Possible Candy Crush Replacements
I heard about Puzzle and Dragons but it seems to be only available to iOS users or certain Android devices. The search led me to Pocket Monsters: Dragon Rage (PMDR, by Softgames), which seemed like the German son of Candy Crush and Rage of Bahamut. A few weeks later, my friend Rowena introduced me to Tower of Saviors (TOS, by Mad Head Limited), a game that’s almost exactly like PMDR except that it hailed from Hong Kong.
I’ll put the screenshots of both games side by side while I make comparisons, placing PMDR on the left and TOS on the right. You can click the images for a larger view.
Ok, let me rephrase how I described these two games: PMDR and TOS are like the spawn of Pokemon, Candy Crush, and Rage of Bahamut. Or Puzzle Pets Adventure and Rage of Bahamut, which makes me cry a little because these two are exactly the games I had envisioned developing before I left my last job as a video game producer.
The objective of both is to basically collect as many monster cards as your inventory would allow. For you to be able to do this, you’d have to fight against strong monsters by way of match-3 puzzles.
PMDR and TOS have the exact same mechanics. The only difference is that the second — and I suspect newer — title has captivating art and intuitive user interface. I have an easier time doing combos for TOS because, as you can see from the screenshots, each elemental gem is shaped differently. My eyes don’t strain so much trying to distinguish one gem from the other.
The language makes a world of difference as well. PMDR’s wordings seemed to have been pulled straight out of Google Translate. I can barely understand what it’s saying.
You can’t click the back button easily either and the German “OK” button, which can help you go back to the previous interface, blends with everything else. In contrast, you can see TOS’ “OK” button clearly on the right screenshot.
The irony here is that even though I’ve played PMDR longer, I only figured out that the skills are usable (and not passive) because TOS taught me how to use them! The latter has nicely done tutorials and even loading screens provide tips. I hate invasive instructions, so I appreciate how you’re not bombarded with information when you’re new to the game.
The above screenshots show how PMDR depends too much on texts for game navigation, whereas TOS uses a simple yet beautifully drawn map.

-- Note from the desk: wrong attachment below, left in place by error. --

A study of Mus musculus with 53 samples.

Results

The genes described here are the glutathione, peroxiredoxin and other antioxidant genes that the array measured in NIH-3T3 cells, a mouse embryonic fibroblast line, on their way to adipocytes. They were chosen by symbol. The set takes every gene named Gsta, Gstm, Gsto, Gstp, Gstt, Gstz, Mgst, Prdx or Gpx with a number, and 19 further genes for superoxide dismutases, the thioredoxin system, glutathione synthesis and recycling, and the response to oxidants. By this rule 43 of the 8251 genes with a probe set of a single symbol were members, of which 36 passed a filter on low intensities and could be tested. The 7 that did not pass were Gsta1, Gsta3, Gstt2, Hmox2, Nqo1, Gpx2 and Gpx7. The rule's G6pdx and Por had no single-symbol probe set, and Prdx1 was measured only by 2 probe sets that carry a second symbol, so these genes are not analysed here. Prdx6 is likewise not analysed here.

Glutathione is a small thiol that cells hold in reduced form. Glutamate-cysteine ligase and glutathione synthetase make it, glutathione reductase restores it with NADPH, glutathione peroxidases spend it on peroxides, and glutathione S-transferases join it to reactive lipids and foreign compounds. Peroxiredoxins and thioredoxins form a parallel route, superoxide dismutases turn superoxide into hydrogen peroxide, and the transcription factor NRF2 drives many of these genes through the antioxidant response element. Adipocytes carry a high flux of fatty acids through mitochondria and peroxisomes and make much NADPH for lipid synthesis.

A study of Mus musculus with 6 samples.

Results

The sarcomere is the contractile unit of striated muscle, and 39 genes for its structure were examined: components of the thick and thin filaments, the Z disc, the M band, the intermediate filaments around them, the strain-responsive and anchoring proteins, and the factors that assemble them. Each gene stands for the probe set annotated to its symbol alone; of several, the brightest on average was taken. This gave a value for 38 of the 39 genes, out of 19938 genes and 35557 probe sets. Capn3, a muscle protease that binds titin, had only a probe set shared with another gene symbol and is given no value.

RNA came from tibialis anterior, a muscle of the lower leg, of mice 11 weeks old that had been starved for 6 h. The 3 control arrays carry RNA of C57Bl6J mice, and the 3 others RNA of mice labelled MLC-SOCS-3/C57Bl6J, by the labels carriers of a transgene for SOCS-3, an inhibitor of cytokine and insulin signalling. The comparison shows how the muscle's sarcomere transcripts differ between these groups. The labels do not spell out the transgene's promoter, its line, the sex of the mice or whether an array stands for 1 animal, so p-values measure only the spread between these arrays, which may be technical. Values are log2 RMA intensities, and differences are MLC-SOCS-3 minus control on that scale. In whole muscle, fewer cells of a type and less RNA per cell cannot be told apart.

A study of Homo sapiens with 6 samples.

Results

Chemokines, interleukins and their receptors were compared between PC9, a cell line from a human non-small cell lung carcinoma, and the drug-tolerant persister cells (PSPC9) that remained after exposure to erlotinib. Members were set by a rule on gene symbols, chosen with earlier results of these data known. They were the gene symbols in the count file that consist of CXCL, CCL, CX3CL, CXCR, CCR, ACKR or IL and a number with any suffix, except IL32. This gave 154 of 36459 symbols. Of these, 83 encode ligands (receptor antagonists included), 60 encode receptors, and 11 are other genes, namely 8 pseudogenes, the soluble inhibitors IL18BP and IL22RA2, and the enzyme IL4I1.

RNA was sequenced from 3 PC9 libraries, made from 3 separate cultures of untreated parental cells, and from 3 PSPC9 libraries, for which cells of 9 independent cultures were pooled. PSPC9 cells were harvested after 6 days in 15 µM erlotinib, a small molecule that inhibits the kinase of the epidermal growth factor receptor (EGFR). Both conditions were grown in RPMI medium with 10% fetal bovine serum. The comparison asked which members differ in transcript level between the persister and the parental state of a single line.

And the gallery. Wow. I realized I wanted to collect cards when I started playing TOS. With PMDR, all I wanted to do was progress through the stages. Looking at the gallery below, you can probably guess why.
Yup! Even the weakest of monsters in TOS look really cute and well-drawn, while my PMDR deck makes it seem like someone has yet to outlive his/her Dragon Ball fantasies. To be honest, I’ve actually transacted with TOS more than a few times because I wanted to expand my gallery. I have no such desire with PMDR, though I did transact with them once just to see how they monetize.
Compare the card art, too:
I thought PMDR’s card art on the left looks nice, until I encountered TOS. They exhibited high level of polish and did not skimp on the particle effects. When you get a text message alert, the right background also moves from side to side. I swear, whenever I load this game, I could not help but think, “Darn you, I wish I could make a game as good looking as this!”
There are three ways of gaining new cards. The first is, of course, by battling. The second is if you’ve earned friend points (which is why I’ve just about friended everyone I see in both games). The third is if you’ve earned enough magic stones (for PMDR) or diamonds (for TOS). I like the third option because you get to summon powerful and cool-looking cards.
Except it kinda looks funny for PMDR (left) and badass for TOS (right). I’m actually also horrified by the choice of words PMDR uses when you want to level up or evolve your cards: “Eat these pets?”
I’ve obviously been very biased towards TOS but there is one other thing that makes it the better game:
Notice I have 5 tabs on this screen? This is my deck arrangement screen. The first deck is for my human cards. The second for my beast cards (pictured here). The third is for my dragons. I just found out today that there are also fiend cards so they’ll probably end up on my fourth deck if I’m lucky enough to complete an elemental set. Only TOS has this feature and it’s also the reason why I’ve been farming and expanding my inventory.
Thing is, despite my very obvious leanings toward TOS, I still keep both games on my Android for when I run out of energy/stamina. I would play PMDR when I’m waiting for TOS to recharge. Also, PMDR has one advantage over TOS: you can play it offline and still gain friend points. Sadly, you need to be constantly online to be able to play TOS.
So if any of you are looking for possible Candy Crush replacements that actually allow you to use real tactics instead of blind luck, give these two games a shot. For some reason, I find these infinitely more relaxing and rewarding.